March 4, 2024

Tricia Oak

Business & Finance Excellency

Takeaways From This Year’s ANA B-to-B Marketing Conference

When Sherwin-Williams was looking to gain market share in its b-to-b category, it teamed up with agency Wunderman Thompson on a color obsession series. Creativity fueled the “Thinking in Color” campaign, which aimed to reach architects.

The rise of creativity in b-to-b marketing was one of several key topics that the industry’s top b-to-b marketers discussed at ANA’s B2B marketing virtual conference. The event ran from Dec. 7-8 and saw brands such as Google, Shell, LinkedIn and Intel converge to talk about insights and guides to a successful b-to-b marketing strategy.

Topics such as the importance of creative in b-to-b marketing, looking at businesses as humans and how to build a quality marketing team took center stage. Here is a look at five major takeaways from the conference.

B-to-b marketers must see businesses as humans

Oftentimes, marketers can get too hung up on looking at businesses as, well, businesses. In some ways, that makes sense. But it can lead to a missing human element, making the process transactional.

Dean Aragon, CEO and vice chair at Shell Brands International, said regardless of whether its a b-to-c or b-to-b brand, it’s all about b-2-h (business-to-humans) or b-4-h (brands-for-humans).

Aragon also said b-to-b businesses undervalue marketing and vice versa. They tend to see it as support roles for commercial or sales roles. 

“When I look at the biggest challenges and opportunities, a number of them are systemic, up-the-funnel matters such as software as a service, technologies, materials, infrastructures, solutions, logistics and blockchain,” Aragon said. “Someone needs to adopt and adapt these, and it requires marketing.”

Leveraging creativity is paramount

Sherwin-Williams is a brand known for its interior paint, but it had yet to establish itself in the b-to-b space. It had a significant deficit in market share within the specification category, which is geared toward architects, specifiers and designers.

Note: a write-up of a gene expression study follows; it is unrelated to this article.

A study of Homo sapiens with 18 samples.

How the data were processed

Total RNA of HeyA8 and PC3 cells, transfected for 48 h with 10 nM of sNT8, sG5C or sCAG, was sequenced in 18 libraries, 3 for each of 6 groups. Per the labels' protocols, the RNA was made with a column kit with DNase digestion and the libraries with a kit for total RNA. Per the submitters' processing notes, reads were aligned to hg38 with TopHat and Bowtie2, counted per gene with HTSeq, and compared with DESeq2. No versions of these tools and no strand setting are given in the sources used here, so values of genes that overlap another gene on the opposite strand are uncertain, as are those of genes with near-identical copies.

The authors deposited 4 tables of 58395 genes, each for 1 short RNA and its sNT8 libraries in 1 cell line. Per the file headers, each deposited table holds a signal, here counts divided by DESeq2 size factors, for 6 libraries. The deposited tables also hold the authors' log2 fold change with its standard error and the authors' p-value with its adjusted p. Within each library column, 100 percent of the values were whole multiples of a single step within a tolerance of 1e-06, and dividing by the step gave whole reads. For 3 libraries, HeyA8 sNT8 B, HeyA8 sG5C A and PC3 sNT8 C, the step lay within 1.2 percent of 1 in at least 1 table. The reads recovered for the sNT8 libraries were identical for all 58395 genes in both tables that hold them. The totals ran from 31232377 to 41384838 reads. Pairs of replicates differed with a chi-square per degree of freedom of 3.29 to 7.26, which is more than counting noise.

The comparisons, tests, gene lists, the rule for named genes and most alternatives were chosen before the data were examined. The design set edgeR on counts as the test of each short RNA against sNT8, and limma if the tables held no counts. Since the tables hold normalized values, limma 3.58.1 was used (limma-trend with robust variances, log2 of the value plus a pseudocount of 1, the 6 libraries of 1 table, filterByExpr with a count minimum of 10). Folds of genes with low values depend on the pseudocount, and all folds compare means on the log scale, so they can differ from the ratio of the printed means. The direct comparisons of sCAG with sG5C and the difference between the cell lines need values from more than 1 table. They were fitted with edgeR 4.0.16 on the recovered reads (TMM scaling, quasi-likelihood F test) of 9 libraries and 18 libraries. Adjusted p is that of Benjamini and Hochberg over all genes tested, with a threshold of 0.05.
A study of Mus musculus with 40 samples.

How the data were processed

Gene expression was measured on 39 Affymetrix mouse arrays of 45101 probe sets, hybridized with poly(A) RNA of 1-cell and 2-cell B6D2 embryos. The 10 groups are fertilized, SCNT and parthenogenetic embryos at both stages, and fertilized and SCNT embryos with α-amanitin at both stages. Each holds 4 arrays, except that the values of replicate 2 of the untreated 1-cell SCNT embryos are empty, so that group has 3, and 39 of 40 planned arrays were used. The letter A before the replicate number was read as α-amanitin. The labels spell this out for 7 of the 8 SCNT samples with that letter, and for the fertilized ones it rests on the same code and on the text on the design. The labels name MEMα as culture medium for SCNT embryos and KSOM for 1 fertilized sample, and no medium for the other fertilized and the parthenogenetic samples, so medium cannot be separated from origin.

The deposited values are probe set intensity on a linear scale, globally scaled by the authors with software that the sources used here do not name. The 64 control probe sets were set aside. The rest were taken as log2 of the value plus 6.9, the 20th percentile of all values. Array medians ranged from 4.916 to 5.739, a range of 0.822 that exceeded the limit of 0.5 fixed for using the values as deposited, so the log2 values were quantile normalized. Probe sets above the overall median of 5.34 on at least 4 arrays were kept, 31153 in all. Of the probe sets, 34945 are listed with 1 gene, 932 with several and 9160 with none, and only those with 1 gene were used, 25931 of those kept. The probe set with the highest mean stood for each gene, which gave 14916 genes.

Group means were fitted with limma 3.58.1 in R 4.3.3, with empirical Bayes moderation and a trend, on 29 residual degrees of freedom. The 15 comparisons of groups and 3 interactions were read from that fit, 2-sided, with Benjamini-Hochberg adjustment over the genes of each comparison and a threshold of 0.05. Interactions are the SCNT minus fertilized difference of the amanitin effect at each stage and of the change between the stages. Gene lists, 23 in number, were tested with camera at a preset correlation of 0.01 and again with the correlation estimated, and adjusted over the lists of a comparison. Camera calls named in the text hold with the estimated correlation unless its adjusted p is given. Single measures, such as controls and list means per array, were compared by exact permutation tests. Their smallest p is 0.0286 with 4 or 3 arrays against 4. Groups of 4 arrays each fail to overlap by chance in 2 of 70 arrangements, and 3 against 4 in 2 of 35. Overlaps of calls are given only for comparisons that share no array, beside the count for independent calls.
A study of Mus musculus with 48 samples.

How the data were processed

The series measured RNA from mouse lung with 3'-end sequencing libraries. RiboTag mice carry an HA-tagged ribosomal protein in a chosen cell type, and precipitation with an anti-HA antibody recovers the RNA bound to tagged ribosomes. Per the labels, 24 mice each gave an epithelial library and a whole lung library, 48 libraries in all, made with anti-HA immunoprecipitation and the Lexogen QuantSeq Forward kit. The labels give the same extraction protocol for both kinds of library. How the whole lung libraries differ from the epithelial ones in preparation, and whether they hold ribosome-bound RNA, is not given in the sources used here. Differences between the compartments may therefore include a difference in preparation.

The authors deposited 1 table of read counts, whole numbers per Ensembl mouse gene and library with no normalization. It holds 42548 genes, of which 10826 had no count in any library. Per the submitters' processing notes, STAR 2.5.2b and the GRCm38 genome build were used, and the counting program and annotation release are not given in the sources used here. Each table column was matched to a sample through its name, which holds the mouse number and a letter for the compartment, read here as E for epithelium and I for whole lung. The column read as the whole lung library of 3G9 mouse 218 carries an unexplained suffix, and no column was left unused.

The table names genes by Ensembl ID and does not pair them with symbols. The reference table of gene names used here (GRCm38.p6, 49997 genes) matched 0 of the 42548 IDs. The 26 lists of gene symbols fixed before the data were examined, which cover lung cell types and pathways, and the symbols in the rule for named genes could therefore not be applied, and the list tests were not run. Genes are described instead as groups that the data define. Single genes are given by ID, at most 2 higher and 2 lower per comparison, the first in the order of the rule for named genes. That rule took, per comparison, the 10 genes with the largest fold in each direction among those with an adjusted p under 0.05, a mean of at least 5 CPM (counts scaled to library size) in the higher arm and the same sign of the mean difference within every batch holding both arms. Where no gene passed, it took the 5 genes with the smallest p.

Working with Wunderman Thompson as its creative agency, Sherwin-Williams has prioritized architects with the goal of using inspiration to move them from apathy to possibility and then to action.

Looking to use creative to connect with architects, Sherwin-Williams and Wunderman Thompson create a color obsession series, with three events that allowed architects to interact with colors in meaningful ways. Rather than utilizing something as simple as a brochure, it wanted to meet architects and designers with a more engaging idea.

One of the events was Speaking in Color, where architects could use words to generate colors through an AI-powered, voice-controlled tool. The event was much more conversational, fun and interactive. Speaking in Color won the inaugural Creative B2B Grand Prix at Cannes Lions.

Focusing on broader reach can drive market share growth

Jon Lombardo, global brand strategy lead at the B2B institute at LinkedIn, said b-to-b marketers are often obsessed with clicks and hyper-targeting but need to shift to having a broad reach when marketing. A broader reach generates market share growth and leads to larger outcomes.

Brands can miss out on growth opportunities if they are only focusing on buyers and not on every potential consumer. Attention is more important than clicks.

Lombardo said brands should always think about spending evenly in their marketing budgets throughout the year. That would mean spending the same at every point, such as spending 2% of the budget every week.

The strategy keeps the brand at the top of the consumer mind at any point throughout the year and increases consumer reach.

Creativity and data are joined at the hip

Though it would seem that creativity and data are two completely different factors in the marketing mix, they have a symbiotic relationship. Creativity without data lacks personalization but data without creativity lacks emotional connectivity and empathy. Bringing both together leads to effective modern marketing.

According to a McKinsey report, marketers that united data and creativity grew their revenues at twice the average rate of the S&P 500, at least 10% annually versus 5%.

Brands also need to focus on clients, and data is the entry point to figure out what they need. Data and research provide the information for being client-centric.

“Every industry including ours is facing the realization that the customer is at the center of everything that we do,” said Emily Pachuta, chief marketing and analytics officer of the Americas for Invesco. “This client obsession represents an enormous shift both in terms of company culture as well as in terms of marketing capability.”

Marketers need left- and right-brain skills

Marketing is constantly changing in terms of what skills are needed to be successful at the job. “In the past it might have been enough for marketers to be really creative, able to work with agencies, maybe some really good budgeting skills,” Portia Mount, vp of marketing commercial HVAC Americas at Trane Technologies. “But now we need marketers who have all of that, plus bringing really sharp analytical chops.”

Mount said often she’s looking for a center-brain marketer. Someone who merges the creativity of the left side of the brain and the details and implementation of the right side of the brain.

Usually the ideal individual marketer is highly collaborative and customer-obsessed, defining them and building strategies around them. Having an analytical or financial background is a plus.